The laws of Divine Providence would seem to leave nothing to "chance" since it is commonly known in the church that Divine Providence works into the least particulars. However, there is certainly the appearance of chance in the world around us both in nature and in the affairs of men. This appearance must somehow be accounted for and our view of nature made to agree with the teachings of the Word. This paper is divided into three parts. The first sets forth what I believe to be the most pertinent teachings found in the Writings on this subject; the second explains some of the background material of modern mathematics and physics that bears on this issue; and the third gives some applications and interpretations while pointing out some potential difficulties.
New Church thought as reflected in its foundation principles, its general philosophical concepts, and its particular doctrines, represents a continuation of an historical development that stems back to pre-Hebraic times. While this can be said of other systems of thought, yet New Church thought stands apart for at least two reasons. First, it is founded on the theological writings of Emanuel Swedenborg (1747-1771). These works together with parts of the Bible (the Law and the Prophets, the Psalms, the four Gospels and Revelation) constitute a unique body of literature referred to collectively as the Word, according to the definition given in Swedenborg's The New Jerusalem and Its Heavenly Doctrine, "What He [God] has thus revealed, forms with us the Word" (HD 251). (In this study the expression "the Writings" will be employed when referring to the theological works of Swedenborg). Second, in the light of the Writings the now three-fold Word (Old Testament, New Testament, and the Writings) is seen to have an organic unity, for each successive revelation is seen as an unfolding of what is contained interiorly in what preceded it.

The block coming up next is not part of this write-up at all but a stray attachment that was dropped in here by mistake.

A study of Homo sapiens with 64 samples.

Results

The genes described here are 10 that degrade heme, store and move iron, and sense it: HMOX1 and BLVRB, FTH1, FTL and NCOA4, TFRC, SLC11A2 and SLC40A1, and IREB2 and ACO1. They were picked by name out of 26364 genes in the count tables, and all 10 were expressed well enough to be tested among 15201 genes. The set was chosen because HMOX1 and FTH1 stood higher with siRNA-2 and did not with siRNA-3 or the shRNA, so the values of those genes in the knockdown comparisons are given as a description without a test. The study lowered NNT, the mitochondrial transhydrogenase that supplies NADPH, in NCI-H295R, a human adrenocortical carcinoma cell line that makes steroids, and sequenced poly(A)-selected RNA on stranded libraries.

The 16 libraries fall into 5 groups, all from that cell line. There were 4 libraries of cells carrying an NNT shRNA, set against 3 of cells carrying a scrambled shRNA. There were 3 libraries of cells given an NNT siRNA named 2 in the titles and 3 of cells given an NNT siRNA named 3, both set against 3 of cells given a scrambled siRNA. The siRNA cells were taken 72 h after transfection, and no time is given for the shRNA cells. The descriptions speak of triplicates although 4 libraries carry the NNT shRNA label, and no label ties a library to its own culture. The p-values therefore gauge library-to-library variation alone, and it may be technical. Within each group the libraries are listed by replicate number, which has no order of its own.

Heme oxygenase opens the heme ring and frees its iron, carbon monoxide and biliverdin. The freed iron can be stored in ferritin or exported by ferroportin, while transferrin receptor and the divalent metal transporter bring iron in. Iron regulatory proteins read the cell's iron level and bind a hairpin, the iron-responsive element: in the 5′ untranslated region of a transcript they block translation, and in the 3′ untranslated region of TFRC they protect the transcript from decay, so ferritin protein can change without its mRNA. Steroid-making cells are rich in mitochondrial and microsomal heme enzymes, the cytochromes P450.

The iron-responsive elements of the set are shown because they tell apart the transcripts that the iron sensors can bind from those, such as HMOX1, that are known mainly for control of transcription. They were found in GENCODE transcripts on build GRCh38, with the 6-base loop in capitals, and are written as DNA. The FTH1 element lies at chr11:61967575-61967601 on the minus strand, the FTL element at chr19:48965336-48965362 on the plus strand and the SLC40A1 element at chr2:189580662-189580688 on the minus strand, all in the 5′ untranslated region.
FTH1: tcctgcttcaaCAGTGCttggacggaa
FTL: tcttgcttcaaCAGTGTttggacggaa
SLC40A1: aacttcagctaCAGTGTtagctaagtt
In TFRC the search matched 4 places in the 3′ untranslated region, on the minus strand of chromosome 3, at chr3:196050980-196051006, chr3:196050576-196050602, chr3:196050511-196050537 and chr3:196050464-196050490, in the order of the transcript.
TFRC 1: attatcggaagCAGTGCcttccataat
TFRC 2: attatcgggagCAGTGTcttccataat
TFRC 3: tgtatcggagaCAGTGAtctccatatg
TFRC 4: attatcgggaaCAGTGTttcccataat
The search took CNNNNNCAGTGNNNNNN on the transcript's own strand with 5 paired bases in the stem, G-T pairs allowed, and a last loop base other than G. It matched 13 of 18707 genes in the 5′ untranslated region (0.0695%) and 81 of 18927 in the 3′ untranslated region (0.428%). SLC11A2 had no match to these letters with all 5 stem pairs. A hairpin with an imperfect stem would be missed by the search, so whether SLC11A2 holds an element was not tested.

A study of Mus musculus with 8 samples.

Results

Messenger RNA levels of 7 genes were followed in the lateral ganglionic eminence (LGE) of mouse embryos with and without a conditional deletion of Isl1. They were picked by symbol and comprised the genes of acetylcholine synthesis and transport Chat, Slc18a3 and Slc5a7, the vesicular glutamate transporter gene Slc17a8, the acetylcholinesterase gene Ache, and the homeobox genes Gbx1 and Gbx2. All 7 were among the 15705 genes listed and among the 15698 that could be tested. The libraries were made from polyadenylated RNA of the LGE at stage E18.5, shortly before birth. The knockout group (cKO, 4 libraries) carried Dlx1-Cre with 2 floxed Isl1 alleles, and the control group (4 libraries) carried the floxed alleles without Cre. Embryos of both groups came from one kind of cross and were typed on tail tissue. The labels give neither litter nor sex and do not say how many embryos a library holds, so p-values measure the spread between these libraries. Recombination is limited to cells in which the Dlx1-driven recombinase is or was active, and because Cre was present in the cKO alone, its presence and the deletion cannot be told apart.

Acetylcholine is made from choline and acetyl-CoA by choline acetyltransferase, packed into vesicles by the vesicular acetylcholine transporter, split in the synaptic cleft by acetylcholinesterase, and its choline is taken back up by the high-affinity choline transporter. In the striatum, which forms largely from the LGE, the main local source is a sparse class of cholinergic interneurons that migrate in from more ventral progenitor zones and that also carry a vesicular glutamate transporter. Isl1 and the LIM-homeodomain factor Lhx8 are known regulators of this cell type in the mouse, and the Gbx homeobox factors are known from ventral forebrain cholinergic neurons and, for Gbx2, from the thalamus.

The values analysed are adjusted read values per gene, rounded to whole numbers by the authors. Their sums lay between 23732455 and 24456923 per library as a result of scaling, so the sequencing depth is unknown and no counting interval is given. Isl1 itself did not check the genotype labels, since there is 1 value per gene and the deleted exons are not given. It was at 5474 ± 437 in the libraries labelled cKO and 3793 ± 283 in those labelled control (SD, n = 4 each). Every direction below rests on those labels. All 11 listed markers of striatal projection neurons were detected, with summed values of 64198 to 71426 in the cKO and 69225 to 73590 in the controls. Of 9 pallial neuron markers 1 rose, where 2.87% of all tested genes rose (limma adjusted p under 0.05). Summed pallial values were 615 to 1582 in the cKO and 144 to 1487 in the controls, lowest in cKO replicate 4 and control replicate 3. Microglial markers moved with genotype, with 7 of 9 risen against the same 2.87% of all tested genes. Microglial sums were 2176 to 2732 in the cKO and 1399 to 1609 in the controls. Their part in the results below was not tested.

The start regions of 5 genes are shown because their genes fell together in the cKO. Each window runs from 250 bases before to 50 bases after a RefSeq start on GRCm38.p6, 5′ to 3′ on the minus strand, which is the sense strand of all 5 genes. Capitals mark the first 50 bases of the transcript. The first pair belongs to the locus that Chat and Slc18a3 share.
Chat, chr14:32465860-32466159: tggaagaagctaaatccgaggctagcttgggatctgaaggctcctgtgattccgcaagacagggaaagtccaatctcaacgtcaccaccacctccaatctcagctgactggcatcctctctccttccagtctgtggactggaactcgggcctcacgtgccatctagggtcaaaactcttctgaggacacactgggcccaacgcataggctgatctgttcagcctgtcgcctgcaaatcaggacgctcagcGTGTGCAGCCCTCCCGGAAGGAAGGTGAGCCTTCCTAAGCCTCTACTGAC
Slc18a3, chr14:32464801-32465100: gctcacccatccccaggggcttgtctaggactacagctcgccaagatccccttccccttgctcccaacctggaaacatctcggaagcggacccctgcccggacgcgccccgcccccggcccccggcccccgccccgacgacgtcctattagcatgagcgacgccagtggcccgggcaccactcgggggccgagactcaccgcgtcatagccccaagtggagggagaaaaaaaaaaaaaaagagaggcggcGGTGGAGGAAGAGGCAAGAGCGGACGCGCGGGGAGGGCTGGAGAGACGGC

We have already presented a study on the spelling of the words caecus, coena and coenum (see The New Philosophy October-December 1982, pp. 149, 150). Here is a further study of Swedenborg's indexes to determine which words are to be spelt fae- and which are to be spelt foe-, as well as the preferred spelling of proelium.
Rarely do we see someone confronting so boldly our longstanding traditions of translation as Horand K. Gutfeldt has done with respect to Revelation 3:19 in the Oct.-Dec. 1983 issue of New Philosophy. This kind of challenge seems to me quite commendable because it allows us to reflect on the meaning of the biblical text in new ways. Even if the change advocated is later rejected, the process undergone in coming to such a decision is nearly always beneficial and enlightening.